Junior Doctors: Conditions of Employment

Department of Health written question – answered on 21st October 2015.


To ask Her Majesty’s Government whether they set aside the agreement in principle with the British Medical Association on junior doctor working and instead acted to impose a new contract, and if so, why.

Photo of Lord Hunt of Kings Heath Lord Hunt of Kings Heath Shadow Spokesperson (Health), Shadow Deputy Leader of the House of Lords

To ask Her Majesty’s Government on what basis officials in the Department of Health have said that the claims made by Dr Dan Poulter, formerly the minister in charge of negotiations, that they had set aside an agreement in principle with the British Medical Association on junior doctor working and instead acted to impose a new contract, were incorrect.

Photo of Lord Prior of Brampton Lord Prior of Brampton The Parliamentary Under-Secretary of State, Department of Health

No agreement ever existed - in principle or otherwise – beyond the Heads of Terms that were the basis for negotiations. No agreement has been set aside by the Government or the Department.

NHS Employers and the British Medical Association (BMA) agreed Heads of Terms for negotiations in July 2013 and commenced negotiations in October 2013, the intention being to conclude negotiations by the end of October 2014. The BMA walked away from those negotiations on 16 October 2014.

As part of negotiations, proposals for a new contract had been made by the management side (employers from each of the four United Kingdom countries). The BMA said it could not agree to these. The Government therefore asked the independent Review Body on Doctors’ and Dentists’ Remuneration (DDRB) to make recommendations.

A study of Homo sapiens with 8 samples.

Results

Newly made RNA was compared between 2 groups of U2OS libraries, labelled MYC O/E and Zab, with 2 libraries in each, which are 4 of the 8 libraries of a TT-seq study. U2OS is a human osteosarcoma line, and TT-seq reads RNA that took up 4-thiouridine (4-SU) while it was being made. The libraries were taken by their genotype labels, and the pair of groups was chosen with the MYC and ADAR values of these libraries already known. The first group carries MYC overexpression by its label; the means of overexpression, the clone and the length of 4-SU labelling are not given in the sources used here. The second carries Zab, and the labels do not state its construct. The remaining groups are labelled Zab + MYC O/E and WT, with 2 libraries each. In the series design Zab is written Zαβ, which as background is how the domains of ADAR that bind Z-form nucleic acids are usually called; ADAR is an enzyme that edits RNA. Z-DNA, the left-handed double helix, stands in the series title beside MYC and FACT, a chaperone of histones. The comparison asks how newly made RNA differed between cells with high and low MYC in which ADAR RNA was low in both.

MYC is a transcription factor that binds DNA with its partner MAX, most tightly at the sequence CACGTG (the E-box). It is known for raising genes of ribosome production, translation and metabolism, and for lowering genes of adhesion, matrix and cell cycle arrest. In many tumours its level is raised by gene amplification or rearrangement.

The DDRB took evidence from the BMA, NHS Employers, the Department of Health and other parties. NHS Employers’ evidence, on behalf of the four UK countries, set out the proposals made by employers in negotiations, illustrating how these related to the jointly agreed Heads of Terms. The BMA’s evidence set out alternative proposals, which had not been made during negotiations.

The DDRB’s report broadly endorsed the proposals made by NHS Employers and made recommendations, identifying some areas where further discussion was needed. The Government invited both parties to return to the table with the DDRB recommendations forming the basis for further negotiations.

The Government, in England, has made clear its desire for the BMA to be involved in work to introduce a new contract. The Government has asked NHS Employers to work on the detailed design of a new contract for introduction in August 2016 and has continued to encourage the BMA to return to negotiations and take part in that work.